Covid worries and the cross-Channel crisis saw the FTSE 100 close 112 .86 points (1.7%) lower at 6,416.3. The FTSE 250 tumbled 424 points, 2%, to 19,692.
CMC Markets UK analyst David Madden said: “It is bad enough that large portions of Britain will have to deal with harsher restrictions because of the fear surrounding the fast spreading strain of the coronavirus, but now many countries are distancing themselves from the UK. The isolation treatment the UK is receiving has rocked market confidence all over Europe.”
Travel stocks were among the hardest hit. British Airways owner IAG was the biggest faller, down 12.45p (7.96%) at 143.9 while EasyJet fell 7.2% to 757.2p.
In the US, the Dow fell 114 points, 0.4%, the Nasdaq Composite tumbled 110 points, 0.9%, and the S&P 500 lost 1%.
11am: Retail sales flatten
Retail sales volumes recovered after two months of sharp declines to stand broadly flat for the year to December, with retailers viewing sales as good for the time of year to the greatest extent since March 2019. Orders placed also broadly stabilised after 13 consecutive months of decline.
The CBI’s latest monthly Distributive Trades Survey – which aggregated the views of 143 businesses, including 81 retailers – also found that internet sales grew at an above average pace for the third consecutive month.
9.30am: Baxters US deal
Baxters Food Group has acquired a US-based contract manufacturer of processed foods.
8.15am: EICC conference deals
The Edinburgh International Conference Centre (EICC) has secured three major conferences for 2021 in the hope that the vaccine will soon allow mass gatherings to take place.
8am: London opens lower
As forecast, the FTSE 100 fell this morning following the closure of borders because of the latest Covid alarm. The index was 78.3 points (1.2%) lower at 6,450.91.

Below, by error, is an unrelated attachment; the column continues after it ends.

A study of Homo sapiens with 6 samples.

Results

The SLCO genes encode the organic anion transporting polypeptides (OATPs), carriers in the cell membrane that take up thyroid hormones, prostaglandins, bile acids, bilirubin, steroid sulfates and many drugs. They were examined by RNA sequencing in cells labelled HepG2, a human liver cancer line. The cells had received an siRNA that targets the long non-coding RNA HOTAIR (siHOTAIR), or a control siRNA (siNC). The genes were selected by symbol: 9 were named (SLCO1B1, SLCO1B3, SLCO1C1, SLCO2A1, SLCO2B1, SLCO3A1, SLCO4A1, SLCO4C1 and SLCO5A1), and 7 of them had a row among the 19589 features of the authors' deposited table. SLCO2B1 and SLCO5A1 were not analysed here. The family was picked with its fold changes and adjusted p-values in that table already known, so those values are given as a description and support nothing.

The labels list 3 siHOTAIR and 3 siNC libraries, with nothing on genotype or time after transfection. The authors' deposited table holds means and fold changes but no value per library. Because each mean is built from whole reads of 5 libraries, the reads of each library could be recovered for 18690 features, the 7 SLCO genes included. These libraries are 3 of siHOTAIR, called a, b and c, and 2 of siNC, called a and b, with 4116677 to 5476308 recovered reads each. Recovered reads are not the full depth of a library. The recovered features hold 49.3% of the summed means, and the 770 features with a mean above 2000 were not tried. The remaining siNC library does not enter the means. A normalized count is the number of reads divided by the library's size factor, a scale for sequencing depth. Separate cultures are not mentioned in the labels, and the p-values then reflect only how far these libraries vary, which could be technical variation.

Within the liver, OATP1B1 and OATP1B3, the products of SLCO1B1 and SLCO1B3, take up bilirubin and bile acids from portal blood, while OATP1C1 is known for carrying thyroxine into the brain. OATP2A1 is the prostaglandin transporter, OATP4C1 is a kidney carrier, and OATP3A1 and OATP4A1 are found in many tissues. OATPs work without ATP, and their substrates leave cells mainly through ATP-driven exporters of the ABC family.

7am: Frasers scraps guidance
Mike Ashley’s Frasers Group, which includes Sports Direct and Jenners, said the closure of non-essential shops “with no notice” has forced it to scrap its guidance of 20% to 30% improvement in underlying EBITDA next year.
Analysts are pondering the impact of the latest measures on Mr Ashley’s planned bid for Arcadia or Debenhams.
Frasers is among a number of potential bidders, including Next and Boohoo, for Sir Philip Green’s collapsed Arcadia group. First round bids are due in today.
The oil giant said it will write down $3.5 to $4.5 billion in the value of oil and gas assets in 2021, the latest in a string of impairments this year as it adjusts to a weaker outlook.
It has agreed to sell a 26.25% stake in its Queensland Curtis LNG facilities to Global Infrastructure Partners Australia for $2.5 billion, helping the oil major meet its annual target for divestments.
Adjusted upstream earnings are expected to show a loss in the current price environment.
Production is expected to be between 2,275 and 2,350 thousand barrels of oil equivalent per day, reflecting hurricane impacts in the US Gulf of Mexico (between 60 and 70 thousand barrels of oil equivalent per day) and the effect of mild weather in Northern Europe in the first half of the fourth quarter.
Countrywide / Sigma
Countryside Properties has further expanded its strategic relationship with Sigma Capital, a specialist Private Rental Sector provider.
The new agreement will deliver up to 5,000 PRS homes across England over the next three years.
London is set to open lower as a new Covid-19 variant led to further restrictions in the UK and travel bans from Europe.
IG says futures indicate the FTSE 100 index of large-caps to open between 55 and 63 points lower after closing down 21.88 points, or 0.3%, at 6,529.18 on Friday after the latest restrictions were announced.
The lower open in London comes as things have gone from “bad to worse” in terms of virus restrictions in the UK, said CMC Markets’s David Madden.
Eurotunnel, Port of Dover and Eurostar all shut the UK-France crossing yesterday.
Shares in easyJet, British Airways owner IAG and Ryanair were all expected to fall sharply, along with hoteliers such as InterContinental and Premier Inn owner Whitbread.
Sterling dropped 1.2% to $1.336 on Monday morning as the situation appeared to be deteriorating. A Cabinet meeting is expected to be called in Downing Street on Monday morning.
Oil prices dropped about 3% ($1.54) to $50.72 a barrel by 0510 on Monday as the new coronavirus strain that has shut down much of the United Kingdom fuelled worries over a slower recovery in fuel demand amid the border closures in Europe. The slide in oil followed seven weeks of gains as investors were encouraged by the rollout of Covid-19 vaccines.